For decades, any list of global geopolitical risks will have had “attack on Saudi oil facilities” near the top. Now it has happened.
The good news is that the world is less vulnerable to an oil price shock than it was in the 1970s, when the Opec oil embargo created turmoil in the global economy. It is also true that all of the major powers involved — Saudi Arabia, Iran and the US — have strong incentives to avoid an all-out conflict.
The bad news, however, is that the key decision makers in this particular drama — Donald Trump, the US president, Mohammed bin Salman, the crown prince of Saudi Arabia, and the leadership of Iran — are all headstrong and prone to taking risks.
It is likely that, if the US sticks to its claim that Iran was behind the attack, it will stage a military response. If and when that happens, there are no guarantees that the conflict will not escalate further. Given that the weekend attacks have already caused a 20 per cent spike in the price of oil, the potential for further mayhem on the markets is clear.
The importance of Gulf oil to the wider world has been imprinted on the collective memory of the west ever since Opec imposed an embargo in 1973. It caused oil prices to quadruple, doing serious damage to markets and the world economy. The lesson learnt — that stability of Gulf oil supplies is crucial to the world economy — helped drive the west’s ferocious response to Iraq’s invasion of Kuwait in 1990.
Almost 30 years after the first Gulf war, western economies are considerably less vulnerable than they were to disruption of oil supplies from the region. The rise of shale-oil production in the US means that American oil imports from Saudi Arabia are now just one-third of the level they were in 2003.
But less vulnerable does not mean invulnerable. There is still a global price for oil; and Saudi Arabia remains the world’s leading oil exporter. So if Saudi supply is disrupted, consumers and industries across the world will quickly feel the impact.
The vulnerability of Saudi oil facilities to attack has also just been demonstrated. If the attack was carried out by drones, as first reported, it is a shocking insight into how open advanced industrial facilities are to assault by cheap and widely available new technologies. The Saudis also have cause to worry about the safety of their water supplies. The kingdom gets around half of its drinking water from desalination facilities, one of which was targeted in a rocket attack last June.
Awareness of their vulnerability to further attack should make the Saudis wary of escalating the conflict. The kingdom’s social and political stability is also a factor; the ruling family has long fretted about the threat of internal unrest from their large Shia minority.
Despite massive military spending, Saudi Arabia has also been unable to prevail in a brutal war in Yemen — which is a much less intimidating proposition than Iran. So while the Saudis have been ardent supporters of the Trump administration’s policy of “maximum pressure” on Iran, they have minimal interest in an actual war.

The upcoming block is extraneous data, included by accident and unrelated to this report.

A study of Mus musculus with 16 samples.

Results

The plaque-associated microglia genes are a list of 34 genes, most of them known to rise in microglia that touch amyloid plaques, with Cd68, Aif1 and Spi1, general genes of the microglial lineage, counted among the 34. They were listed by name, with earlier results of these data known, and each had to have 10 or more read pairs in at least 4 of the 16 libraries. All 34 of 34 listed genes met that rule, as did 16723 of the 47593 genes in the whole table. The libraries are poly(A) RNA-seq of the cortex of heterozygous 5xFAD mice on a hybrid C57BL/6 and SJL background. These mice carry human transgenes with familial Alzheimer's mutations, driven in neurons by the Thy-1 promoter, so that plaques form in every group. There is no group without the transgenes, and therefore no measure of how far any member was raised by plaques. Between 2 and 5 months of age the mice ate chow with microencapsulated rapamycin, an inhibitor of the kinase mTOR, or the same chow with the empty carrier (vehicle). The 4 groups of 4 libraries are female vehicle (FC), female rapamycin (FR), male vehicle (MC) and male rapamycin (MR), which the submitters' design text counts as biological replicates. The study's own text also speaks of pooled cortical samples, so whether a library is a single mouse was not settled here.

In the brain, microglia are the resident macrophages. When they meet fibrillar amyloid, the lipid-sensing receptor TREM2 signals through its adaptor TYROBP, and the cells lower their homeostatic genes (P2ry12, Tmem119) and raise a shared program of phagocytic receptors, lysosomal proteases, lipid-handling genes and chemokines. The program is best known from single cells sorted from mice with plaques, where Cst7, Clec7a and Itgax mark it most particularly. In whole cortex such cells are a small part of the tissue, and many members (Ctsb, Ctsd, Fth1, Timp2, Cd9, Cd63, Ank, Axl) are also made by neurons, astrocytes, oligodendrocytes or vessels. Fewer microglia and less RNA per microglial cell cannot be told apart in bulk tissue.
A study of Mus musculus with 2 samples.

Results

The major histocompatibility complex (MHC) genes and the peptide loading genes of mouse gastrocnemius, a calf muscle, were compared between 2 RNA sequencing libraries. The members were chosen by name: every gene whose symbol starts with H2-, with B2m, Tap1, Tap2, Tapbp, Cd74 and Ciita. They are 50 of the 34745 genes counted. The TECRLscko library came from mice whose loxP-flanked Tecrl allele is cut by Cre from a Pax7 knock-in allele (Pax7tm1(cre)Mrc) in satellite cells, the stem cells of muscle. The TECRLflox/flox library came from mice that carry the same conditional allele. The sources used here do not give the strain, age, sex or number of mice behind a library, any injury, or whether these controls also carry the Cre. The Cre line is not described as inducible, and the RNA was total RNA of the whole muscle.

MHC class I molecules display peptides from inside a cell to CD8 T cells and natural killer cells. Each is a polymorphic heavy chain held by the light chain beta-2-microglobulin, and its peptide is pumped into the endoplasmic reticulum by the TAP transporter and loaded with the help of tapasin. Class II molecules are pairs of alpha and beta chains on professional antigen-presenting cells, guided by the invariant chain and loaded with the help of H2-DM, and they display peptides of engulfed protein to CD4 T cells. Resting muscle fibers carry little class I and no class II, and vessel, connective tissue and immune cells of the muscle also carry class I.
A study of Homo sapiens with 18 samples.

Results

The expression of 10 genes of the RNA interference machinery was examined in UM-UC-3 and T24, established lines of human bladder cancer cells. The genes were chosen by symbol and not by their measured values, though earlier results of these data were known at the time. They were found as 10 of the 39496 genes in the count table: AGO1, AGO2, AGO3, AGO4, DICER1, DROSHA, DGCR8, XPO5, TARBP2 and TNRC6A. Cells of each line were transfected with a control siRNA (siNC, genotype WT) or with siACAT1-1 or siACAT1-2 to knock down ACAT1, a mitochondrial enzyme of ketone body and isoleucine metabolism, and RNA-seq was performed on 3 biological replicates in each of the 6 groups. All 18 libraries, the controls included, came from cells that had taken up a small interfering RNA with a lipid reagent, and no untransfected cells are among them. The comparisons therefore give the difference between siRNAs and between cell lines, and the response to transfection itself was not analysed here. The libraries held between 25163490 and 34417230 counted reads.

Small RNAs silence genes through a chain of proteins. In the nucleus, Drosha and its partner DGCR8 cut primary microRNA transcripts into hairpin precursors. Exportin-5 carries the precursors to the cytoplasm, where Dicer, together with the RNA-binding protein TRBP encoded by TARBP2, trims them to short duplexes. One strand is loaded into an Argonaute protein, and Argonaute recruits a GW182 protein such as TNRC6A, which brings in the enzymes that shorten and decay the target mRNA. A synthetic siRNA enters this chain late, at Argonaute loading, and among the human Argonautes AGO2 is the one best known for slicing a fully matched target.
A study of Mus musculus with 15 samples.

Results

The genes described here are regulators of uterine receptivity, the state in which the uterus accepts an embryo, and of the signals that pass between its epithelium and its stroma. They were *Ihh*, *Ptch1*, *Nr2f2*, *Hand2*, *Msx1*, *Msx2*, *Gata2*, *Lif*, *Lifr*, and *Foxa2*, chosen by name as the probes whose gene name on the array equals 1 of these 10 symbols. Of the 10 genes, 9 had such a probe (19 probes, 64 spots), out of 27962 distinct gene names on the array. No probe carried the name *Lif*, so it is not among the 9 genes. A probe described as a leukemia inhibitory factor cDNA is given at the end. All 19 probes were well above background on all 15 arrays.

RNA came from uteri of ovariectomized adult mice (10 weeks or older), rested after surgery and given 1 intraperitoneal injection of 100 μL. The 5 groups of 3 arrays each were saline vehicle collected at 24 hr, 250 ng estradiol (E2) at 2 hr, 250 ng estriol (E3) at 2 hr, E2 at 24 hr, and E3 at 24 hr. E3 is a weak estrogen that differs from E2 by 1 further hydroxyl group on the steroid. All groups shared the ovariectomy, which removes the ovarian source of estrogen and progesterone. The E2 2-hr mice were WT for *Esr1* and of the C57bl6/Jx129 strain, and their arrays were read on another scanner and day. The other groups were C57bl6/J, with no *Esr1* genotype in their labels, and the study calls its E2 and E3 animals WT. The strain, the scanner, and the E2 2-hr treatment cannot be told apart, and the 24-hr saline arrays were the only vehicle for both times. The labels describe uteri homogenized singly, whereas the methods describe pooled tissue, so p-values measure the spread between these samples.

Iran also has a strong interest in avoiding an all-out conflict, which would expose the country to the firepower of their well-armed Gulf neighbours and, above all, to attack from the US. In recent months, the Iranians have staged an array of provocations including seizing western oil tankers in the Gulf and (probably) encouraging its Houthi allies in Yemen to hit soft targets in Saudi Arabia.
But this kind of Iranian brinkmanship has been interpreted by most western Iran-watchers as an effort to demonstrate that Tehran is not powerless in the face of sanctions. The Iranians were also seen as attempting to gain leverage ahead of a possible resumption of talks with the US.
As for Mr Trump, despite his bellicose rhetoric, the US president’s most recent actions have shown that he is keen to make a diplomatic breakthrough with Iran. One important reason that Mr Trump fired John Bolton last week is that his former national security adviser was too hawkish and opposed suggestions that American sanctions on Iran should be eased in the interests of getting talks started.
So all sides have economic and strategic interests to step back from the brink. Unfortunately, all sides have also shown themselves to be erratic, emotional and prone to miscalculation.
Saudi Arabia’s Prince Mohammed has demonstrated his own propensity for violent miscalculation through his conduct of the Yemen war and by apparently authorising the gruesome murder of the journalist, Jamal Khashoggi. As for the Iranians, if they did indeed authorise an attack on Saudi oil facilities they have taken an enormous risk, with consequences they cannot control.
Mr Trump’s volatility has been amply demonstrated. The US president’s willingness to rip up the Iran nuclear deal — but then sack his most hawkish adviser on Iran — also does not inspire confidence that he knows what he is doing. It also means that the White House is entering what could be the biggest security crisis of the Trump years, with no national security adviser in place.
Ever since Mr Trump’s election in 2016, nervous observers have wondered how the president would behave in a real foreign policy crisis. We are about to find out.